Like many of the books I read, I picked up and read Ego Is The Enemy after hearing about it from multiple sources. I first heard about it from a friend about 8-9 months ago. Last weekend an acquaintance mentioned it and this time the topic struck a chord with me. I have found reading books based on inspiration in a particular season of life is the best way to find the most useful applications. This book did not disappoint me.
Ryan Holiday conveniently splits the book into 3 parts: Aspire, Success, and Failure. He shows how ego can destroy us in each of these phases. Holiday also weaves in stories from historical figures, currently successful people, and his personal life to illustrate the points he makes.
Aspiring is all about the journey from obscurity to success and what you do to get there. Passion is typically seen as a good trait. We recognize it in people who tell us all about the things they intend to accomplish, often very convincingly. However, when it comes to showing actual progress there often isn’t any. Why? Because you can be busy with intentions without actually accomplishing anything. This is what Holiday calls the “passion paradox.”
I am no better. I fall prey to this all the time whether it is imagining to myself all the books I will read, telling my friends about all the miles I will run, or telling my co-workers about all the work I plan to complete. Passion tends to cause us to overestimate what we can accomplish in the future but underestimate what we can accomplish right now. We always seem to have far less time than we imagined.
The Canvas Strategy
The canvas strategy is all about making other people look good and be good by providing support for them.
“Find canvases for other people to paint on.”
“It means you’re the least important person in the room – until you change that with results.”
“Say little, do much.”
“…the person who clears the path ultimately controls its direction, just as the canvas shapes the painting.”
My struggle with this is that I often want recognition and reward now. It is hard to sit back and let someone else take credit for my idea. My ego causes me to think short-term rather than planning for the long run. As Holiday says “Let others take their credit on credit, while you defer and earn interest on the principal.”
Work, Work, Work
So what should we do? Henry Ford said “You can’t build a reputation on what you’re going to do.” My ego wants the fact that I aspire, plan, and have great ideas to count toward success. This doesn’t work. I have to sit down, delay gratification, and put in the hours. This isn’t sexy and popular in the short term but pays off in the long run.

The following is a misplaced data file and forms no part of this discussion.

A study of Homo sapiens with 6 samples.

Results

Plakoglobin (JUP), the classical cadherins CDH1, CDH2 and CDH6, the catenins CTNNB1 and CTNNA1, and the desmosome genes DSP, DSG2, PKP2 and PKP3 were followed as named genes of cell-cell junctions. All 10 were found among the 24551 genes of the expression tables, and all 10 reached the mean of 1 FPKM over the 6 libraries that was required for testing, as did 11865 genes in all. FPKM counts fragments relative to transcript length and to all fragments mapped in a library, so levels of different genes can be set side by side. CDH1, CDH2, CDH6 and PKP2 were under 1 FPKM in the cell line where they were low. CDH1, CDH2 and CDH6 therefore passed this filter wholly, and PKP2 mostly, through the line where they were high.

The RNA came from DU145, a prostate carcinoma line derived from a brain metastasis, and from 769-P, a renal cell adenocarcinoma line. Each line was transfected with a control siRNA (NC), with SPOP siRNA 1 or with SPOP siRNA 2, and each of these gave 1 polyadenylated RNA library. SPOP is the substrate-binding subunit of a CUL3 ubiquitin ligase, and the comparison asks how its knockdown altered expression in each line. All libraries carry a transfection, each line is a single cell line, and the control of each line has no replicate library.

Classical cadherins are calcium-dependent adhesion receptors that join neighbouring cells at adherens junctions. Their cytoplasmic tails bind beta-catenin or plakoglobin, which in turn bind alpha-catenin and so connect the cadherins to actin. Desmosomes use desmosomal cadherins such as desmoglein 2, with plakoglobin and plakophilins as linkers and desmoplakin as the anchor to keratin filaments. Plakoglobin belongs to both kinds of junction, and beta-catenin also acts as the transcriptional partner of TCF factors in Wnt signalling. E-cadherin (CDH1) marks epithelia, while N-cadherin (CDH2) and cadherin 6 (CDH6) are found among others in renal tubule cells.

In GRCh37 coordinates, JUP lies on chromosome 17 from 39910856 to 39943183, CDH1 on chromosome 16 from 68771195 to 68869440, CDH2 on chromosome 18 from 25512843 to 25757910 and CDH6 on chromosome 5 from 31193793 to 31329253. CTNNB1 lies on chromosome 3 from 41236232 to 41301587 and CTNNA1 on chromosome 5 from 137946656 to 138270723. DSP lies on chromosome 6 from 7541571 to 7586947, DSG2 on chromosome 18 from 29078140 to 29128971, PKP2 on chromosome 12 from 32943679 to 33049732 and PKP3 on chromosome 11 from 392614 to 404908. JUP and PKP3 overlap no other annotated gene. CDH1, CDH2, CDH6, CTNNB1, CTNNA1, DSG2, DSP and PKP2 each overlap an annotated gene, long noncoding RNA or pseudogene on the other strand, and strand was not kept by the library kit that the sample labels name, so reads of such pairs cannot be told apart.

Always Stay A Student
“An amateur is defensive. The professional finds learning (and even, occasionally, being shown up) to be enjoyable; they like being challenged and humbled, and engage in education as an ongoing and endless process.”
As soon as you believe you already know everything, you stop learning anything new. To maintain success and excellence we have to continue being a student. It can be easy to fall in the trap of believing you have arrived. But what got you there? Unless your success is a flash in the pan, it took hard work, effort, and persistence over a long period of time. This effort does not end once you become successful. This point also reminds me of Carol Dweck’s work and book Mindset which delineates between 2 different mindsets: the fixed mindset and the growth mindset. With a fixed mindset we feel our intelligence is fixed and are obliged to prove how smart we are. Someone with a growth mindset knows they have deficiencies but strives to learn and grow. They don’t need to prove how smart they are because they are in the process of “becoming.” I personally don’t always get this right and often fall into a fixed mindset, however, I am applying this to my life and want to cultivate being a learner.
“As you become successful in your own field, your responsibilities may begin to change. Days become less and less about doing and more and more about making decisions. Such is the nature of leadership.”
Although I have received a few promotions, I would not say I have arrived in my field of engineering. I still have a lot to learn with regard to technical skills and will always be honing my leadership skills. I have definitely found the quote above to be true. Before I was given the opportunity to take more responsibility, I would be given a task or direction, and could focus solely on that thing. I did not have a lot of influence in the office so I was rarely interrupted and I was not communicating directly with clients so my phone calls were few. As time has gone on, however, I have gained more influence, built more trust, and taken on more responsibility. These days I may have 4-5 things going on at one time and be delegating work to the younger engineers. If I don’t learn to cope with this effectively as time goes on, it will be very easy to become overloaded. I am learning to steer the ship and delegate the other tasks.
We are all bound to fail at some point. We can do everything right and still get into trouble. Since we all fail, it’s not so much a matter of if it comes, but when it does, how do we respond? Holiday points out that often when we fail we lack the ability to examine ourselves and figure out what behavior led to our failure. We have to learn to invest our time and energy into habits and patterns that will fix our trouble, not lead us to make the same mistake later.
I found Holiday’s book very helpful and practical. I appreciate the way it is organized in a very simple way and easy to follow. If we are honest, pride and ego are traits that we all struggle with on some level. I found that after reading this book I walked away with tools to fight the ego that so often crops up in my life and hinders me from making an impact and being successful.